The armies of Hochland are at breaking point. Beset on all sides by the feral beastmen, the safety and prosperity of the province is shattered. These are desperate times. Mercenary Captain Eriksson looks to capitalise on the conflict, buying the freedom of a group of prisoners to form a new free company. The criminals are delighted to be released, but this comes at a terrible price- to fight and die in the upcoming conflict. Eriksson must led his makeshift company into one bloody battle after another, putting his faith in those who gave up on honour long ago. On the battlefields of Hochland, either damnation or redemption awaits them.
Broken Honour opens with the army of General Count von Brechthold taking to the field in what he and they expect to be just another annual cull of the beastmen who infest the thick forests of the province. But there’s a new leader amongst the herds of bestial horrors that await them, and the army is spectacularly destroyed apart from a young nobleman named Viksberg, who refuses to die on that muddy field and flees towards safety.
Shortly thereafter we meet Captain Eriksson, an experienced and cunning mercenary captain for whom the strife that besets Hochland is an opportunity, not a calamity. After some narrow escapes he gets his new free company, a ragtag collection of thieves and murderers, and starts the process of forging them into something that resembles a military unit. But amongst his company is someone who knows the truth of Viksberg’s crimes, and soon they have more than beastmen (whose feral rage comes through very well throughout) plotting their death as the war rushes towards a mighty clash that will see either side utterly destroyed.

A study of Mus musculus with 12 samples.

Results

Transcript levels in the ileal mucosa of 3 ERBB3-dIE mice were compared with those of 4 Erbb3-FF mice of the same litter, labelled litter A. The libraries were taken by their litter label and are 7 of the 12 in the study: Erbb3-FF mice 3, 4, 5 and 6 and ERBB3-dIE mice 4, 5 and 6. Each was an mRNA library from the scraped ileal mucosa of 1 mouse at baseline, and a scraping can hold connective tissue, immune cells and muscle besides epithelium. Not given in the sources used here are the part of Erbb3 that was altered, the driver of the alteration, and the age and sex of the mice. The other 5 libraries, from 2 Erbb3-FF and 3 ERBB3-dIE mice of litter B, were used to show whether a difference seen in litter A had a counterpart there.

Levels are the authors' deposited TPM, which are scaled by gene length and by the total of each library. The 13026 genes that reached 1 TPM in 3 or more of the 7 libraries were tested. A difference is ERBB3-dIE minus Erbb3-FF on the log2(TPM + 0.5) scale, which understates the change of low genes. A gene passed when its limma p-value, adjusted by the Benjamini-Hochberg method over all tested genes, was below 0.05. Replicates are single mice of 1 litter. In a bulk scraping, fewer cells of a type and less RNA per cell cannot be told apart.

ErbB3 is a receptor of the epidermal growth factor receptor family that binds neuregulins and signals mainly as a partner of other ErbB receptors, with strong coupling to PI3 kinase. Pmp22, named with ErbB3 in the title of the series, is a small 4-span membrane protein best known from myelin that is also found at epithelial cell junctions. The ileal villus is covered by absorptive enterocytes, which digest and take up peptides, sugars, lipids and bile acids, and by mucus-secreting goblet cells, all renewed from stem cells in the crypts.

The transformation of the criminal mob into the Gentlemen’s Free Company of Hergig is handled well- there’s no quick fix or Hollywood style montage to gloss over the fact that these are criminals that Eriksson is dealing with.
As a setting, Warhammer fantasy has a distinctive flavour. It’s a world constantly under siege by the forces of chaos in all its guises, in the midst of which people get on with their lives, surrounded as they are in equal measures by despair and ignorance, nobility and defiant courage. Robert Earl has managed to capture this atmosphere quite neatly. It’s nothing definite that you can put your finger on, but like a colour built up of several layers of thin paint, it definitely comes through as Eriksson and his men fight to survive against the worst that Viksberg’s spite and the ravening beastmen can throw at them.
I enjoyed the fast pace and vicious action, and consumed it while commuting in over Christmas. It’s a standalone novel that delivers classic Warhammer action, but is very much accessible for anyone unfamiliar with the setting.